The senior diplomat expressed concerns over the growing trend in the US, where the term "strategic stability" is used in a very loose way. He pointed out that strategic stability means that the emergence of preconditions for becoming the first to use nuclear weapons is unacceptable.
"The creation and possible deployment of low-yield and variable-yield nuclear weapons reflects an evolution in US military thought, which considers that the scenario of using nuclear weapons on the battlefield is acceptable," Ryabkov is quoted as saying by TASS.
According to the senior Russian diplomat, some Pentagon officials are still stuck on illusions that are over half a century old claiming that "a nuclear war may be limited and its escalation can be controlled."
"This is a deep-seated and highly dangerous misperception," Ryabkov stressed. "What is happening now only highlights the need to step up Russian-US dialogue on strategic stability issues, in which we will insist on considering all aspects of the US’ destabilizing actions."
Playing with fire
Moscow will continue speaking openly about its concerns, the high-ranking diplomat stressed. "This refers to disinformation that Washington is ready to use its cyber capabilities, for even carrying out an offensive operation," he said. "This is like playing with fire and is a very alarming trend."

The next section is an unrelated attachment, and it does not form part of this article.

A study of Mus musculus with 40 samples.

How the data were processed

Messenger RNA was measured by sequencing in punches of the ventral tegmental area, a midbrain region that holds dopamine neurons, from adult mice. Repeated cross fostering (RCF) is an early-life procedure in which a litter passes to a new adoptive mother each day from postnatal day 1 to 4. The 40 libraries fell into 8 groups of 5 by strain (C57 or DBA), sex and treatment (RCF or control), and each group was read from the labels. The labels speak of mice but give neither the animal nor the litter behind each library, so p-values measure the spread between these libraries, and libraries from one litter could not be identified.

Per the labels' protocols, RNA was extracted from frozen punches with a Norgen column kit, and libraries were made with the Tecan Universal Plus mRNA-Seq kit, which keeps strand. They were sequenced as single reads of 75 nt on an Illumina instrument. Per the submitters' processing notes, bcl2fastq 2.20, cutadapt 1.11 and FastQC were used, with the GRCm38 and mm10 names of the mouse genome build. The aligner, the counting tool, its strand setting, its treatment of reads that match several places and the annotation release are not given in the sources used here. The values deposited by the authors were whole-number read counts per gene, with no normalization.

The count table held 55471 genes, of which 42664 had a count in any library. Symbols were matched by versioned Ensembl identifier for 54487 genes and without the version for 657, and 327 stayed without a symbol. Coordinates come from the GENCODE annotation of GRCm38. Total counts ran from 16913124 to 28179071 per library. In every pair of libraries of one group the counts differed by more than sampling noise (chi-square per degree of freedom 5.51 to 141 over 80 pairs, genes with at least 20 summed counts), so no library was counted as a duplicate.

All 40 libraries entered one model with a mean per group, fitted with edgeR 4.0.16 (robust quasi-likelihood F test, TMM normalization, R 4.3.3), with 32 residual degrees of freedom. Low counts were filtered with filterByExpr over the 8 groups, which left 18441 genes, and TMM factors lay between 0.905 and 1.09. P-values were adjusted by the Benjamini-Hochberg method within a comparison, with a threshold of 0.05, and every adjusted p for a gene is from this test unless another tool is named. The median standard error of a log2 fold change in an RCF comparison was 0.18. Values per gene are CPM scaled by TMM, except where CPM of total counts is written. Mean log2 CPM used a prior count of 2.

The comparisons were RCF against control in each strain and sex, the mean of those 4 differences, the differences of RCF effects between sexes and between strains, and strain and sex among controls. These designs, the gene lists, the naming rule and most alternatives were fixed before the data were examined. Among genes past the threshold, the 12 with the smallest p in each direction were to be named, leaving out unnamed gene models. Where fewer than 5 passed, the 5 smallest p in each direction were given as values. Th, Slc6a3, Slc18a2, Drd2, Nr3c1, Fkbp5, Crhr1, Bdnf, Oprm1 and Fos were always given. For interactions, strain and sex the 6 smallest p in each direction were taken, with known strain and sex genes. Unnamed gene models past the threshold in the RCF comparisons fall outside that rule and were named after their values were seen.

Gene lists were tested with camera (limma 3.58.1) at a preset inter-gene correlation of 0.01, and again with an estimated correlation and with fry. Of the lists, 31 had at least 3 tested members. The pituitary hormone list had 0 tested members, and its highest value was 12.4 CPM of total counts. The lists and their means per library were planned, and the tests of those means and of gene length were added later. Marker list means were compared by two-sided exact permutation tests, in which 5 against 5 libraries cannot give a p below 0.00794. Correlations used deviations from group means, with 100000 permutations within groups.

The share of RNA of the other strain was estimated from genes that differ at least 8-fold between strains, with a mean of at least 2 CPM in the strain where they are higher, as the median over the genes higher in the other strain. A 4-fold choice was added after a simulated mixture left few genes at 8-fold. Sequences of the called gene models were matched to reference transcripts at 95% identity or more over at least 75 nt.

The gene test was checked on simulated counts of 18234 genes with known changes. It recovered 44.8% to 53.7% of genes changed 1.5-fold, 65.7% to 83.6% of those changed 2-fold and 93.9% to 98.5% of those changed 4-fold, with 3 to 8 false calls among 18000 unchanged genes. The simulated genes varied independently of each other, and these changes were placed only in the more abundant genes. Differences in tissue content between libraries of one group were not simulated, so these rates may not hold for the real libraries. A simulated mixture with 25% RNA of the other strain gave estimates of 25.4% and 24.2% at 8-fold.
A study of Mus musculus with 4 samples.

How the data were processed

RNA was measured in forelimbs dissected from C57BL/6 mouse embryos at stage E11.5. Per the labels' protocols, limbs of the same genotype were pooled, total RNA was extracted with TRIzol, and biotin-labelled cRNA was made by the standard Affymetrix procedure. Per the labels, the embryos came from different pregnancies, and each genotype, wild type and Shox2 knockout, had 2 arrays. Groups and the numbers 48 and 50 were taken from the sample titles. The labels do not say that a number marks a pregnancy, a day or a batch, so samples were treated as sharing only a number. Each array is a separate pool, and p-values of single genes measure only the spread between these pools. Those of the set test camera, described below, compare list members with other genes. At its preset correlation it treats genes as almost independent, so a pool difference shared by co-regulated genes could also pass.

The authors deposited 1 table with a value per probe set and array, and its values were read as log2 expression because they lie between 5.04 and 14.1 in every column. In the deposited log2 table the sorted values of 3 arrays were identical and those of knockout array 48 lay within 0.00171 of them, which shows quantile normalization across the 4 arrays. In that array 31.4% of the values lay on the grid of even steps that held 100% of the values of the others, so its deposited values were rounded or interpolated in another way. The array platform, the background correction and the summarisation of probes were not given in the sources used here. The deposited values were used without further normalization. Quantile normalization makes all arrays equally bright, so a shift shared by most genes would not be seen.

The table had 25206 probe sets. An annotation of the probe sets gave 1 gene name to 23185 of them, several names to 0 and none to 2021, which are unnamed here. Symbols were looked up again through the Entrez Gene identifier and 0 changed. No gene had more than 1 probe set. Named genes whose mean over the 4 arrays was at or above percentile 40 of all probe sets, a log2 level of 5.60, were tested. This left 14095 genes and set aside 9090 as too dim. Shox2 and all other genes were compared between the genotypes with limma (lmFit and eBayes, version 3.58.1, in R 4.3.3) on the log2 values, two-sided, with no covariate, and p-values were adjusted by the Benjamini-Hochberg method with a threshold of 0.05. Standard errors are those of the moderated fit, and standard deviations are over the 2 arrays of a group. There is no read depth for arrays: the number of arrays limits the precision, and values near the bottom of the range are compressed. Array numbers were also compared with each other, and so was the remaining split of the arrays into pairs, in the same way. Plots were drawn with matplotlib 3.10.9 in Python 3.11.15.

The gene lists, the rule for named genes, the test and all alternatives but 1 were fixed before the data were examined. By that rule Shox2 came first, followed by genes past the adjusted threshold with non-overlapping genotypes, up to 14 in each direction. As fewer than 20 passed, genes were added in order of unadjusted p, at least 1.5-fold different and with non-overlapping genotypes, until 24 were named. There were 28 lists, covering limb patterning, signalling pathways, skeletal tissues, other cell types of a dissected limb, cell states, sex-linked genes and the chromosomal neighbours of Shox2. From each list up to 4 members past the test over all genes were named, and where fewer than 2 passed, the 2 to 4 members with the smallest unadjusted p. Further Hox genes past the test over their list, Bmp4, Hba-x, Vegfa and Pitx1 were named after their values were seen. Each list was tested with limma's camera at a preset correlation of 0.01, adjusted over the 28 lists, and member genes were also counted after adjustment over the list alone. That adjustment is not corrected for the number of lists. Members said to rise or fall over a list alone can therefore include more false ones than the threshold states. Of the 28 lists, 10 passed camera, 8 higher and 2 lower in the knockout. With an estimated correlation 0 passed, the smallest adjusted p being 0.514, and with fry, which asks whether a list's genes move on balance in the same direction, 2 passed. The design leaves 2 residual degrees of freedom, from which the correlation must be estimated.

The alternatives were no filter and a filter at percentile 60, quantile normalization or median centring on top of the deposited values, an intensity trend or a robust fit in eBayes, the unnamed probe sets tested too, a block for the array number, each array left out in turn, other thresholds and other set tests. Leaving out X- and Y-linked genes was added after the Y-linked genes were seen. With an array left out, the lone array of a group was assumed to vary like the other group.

"The Americans should get a better grip on reality, and come to the understanding that the deterrence factor works both ways and no one has invalidated it," he emphasized.
The deputy foreign minister also shed light on the fact that Russia has been long inviting its US counterparts to work on the issues of strategic stability and the inadmissibility of waging a nuclear war for political and diplomatic goals. "Unfortunately, these appeals do not find a proper response," he said. "But the new developments may still encourage certain ideas in a number of capitals, including US allies, which also need to think about to what an abyss international peace and security can pushed by those who are now playing with this kind of ideas."